The Design Museum has announced a new exhibition that celebrates the work of Stanley Kubrick, one of the greatest filmmakers of the 20th century. Marking the 20th anniversary of Kubrick's death, the exhibition explores his unique command of the whole creative design process of film making, from storyteller to director to editor.
The exhibition features several themed rooms, each shaped around a separate film, including Barry Lyndon, 2001: Space Odyssey, Full Metal Jacket, A Clockwork Orange, The Shining, Paths of Glory, Spartacus, Lolita, Eyes Wide Shut, and Dr. Strangelove. Visitors will enter the exhibition whilst walking on a replica carpet from the iconic scene in The Shining, before entering a 'one-point perspective' corridor mirroring Kubrick's famous camera technique.
"If you want to step inside the mind of one of the greatest film directors of all time, this exhibition will take you there," Executive Curator Alan Yentob said. "Stanley Kubrick's imagination was boundless and his mastery of every aspect of filmmaking will be on display here at the Design Museum. Join us for a Festival of Stanley."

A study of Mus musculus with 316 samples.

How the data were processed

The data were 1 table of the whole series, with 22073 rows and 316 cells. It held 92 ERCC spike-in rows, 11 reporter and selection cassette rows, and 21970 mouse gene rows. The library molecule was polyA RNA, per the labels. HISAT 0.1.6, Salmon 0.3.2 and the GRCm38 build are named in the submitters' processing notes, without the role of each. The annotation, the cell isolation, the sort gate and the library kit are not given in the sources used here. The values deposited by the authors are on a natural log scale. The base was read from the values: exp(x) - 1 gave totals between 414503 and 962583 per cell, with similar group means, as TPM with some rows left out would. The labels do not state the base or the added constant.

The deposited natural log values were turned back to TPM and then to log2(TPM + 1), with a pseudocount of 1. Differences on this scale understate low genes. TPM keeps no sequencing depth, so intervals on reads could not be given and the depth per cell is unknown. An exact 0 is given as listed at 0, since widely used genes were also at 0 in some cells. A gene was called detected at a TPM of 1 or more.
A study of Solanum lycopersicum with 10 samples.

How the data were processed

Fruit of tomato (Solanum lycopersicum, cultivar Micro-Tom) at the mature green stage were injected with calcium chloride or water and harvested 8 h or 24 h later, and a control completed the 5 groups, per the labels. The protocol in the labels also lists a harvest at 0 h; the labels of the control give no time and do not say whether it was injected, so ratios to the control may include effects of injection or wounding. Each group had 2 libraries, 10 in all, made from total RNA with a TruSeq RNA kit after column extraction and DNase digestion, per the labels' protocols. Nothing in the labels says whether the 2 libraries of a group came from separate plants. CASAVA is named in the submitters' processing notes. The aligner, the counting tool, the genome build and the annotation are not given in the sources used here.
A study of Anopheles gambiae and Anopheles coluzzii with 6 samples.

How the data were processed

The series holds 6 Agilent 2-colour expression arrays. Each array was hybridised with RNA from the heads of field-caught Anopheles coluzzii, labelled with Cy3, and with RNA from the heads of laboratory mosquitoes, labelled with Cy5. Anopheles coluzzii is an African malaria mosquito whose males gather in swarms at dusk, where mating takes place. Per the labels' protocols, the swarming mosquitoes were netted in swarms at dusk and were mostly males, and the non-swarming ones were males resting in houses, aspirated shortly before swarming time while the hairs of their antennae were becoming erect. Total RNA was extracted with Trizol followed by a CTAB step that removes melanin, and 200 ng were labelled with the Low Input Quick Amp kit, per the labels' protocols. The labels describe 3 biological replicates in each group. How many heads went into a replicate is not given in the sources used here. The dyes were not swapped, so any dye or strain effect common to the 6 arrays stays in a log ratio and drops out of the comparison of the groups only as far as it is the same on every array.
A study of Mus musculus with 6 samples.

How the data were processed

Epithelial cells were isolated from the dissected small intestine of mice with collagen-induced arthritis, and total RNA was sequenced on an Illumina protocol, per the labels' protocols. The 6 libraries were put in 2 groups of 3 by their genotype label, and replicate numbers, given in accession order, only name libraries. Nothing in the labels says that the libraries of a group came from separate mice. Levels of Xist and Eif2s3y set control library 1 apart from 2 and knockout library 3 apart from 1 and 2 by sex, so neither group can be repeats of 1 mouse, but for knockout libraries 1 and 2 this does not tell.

Featuring more than 500 objects, projections, and interviews, the exhibition brings to the fore Kubrick's innovative spirit and fascination with all aspects of design, depicting the in-depth level of detail that he put into each of his films. It also includes important works by designers Hardy Amies, Saul Bass, Milena Canonero and Ken Adam, art and photography from Diane Arbus, Allen Jones, and Don McCullin, designs from Saul Bass, Elliot Noyes and Pascall Morgue alongside contributions from renowned directors.
Photo: Warner Bros. Entertainment Inc.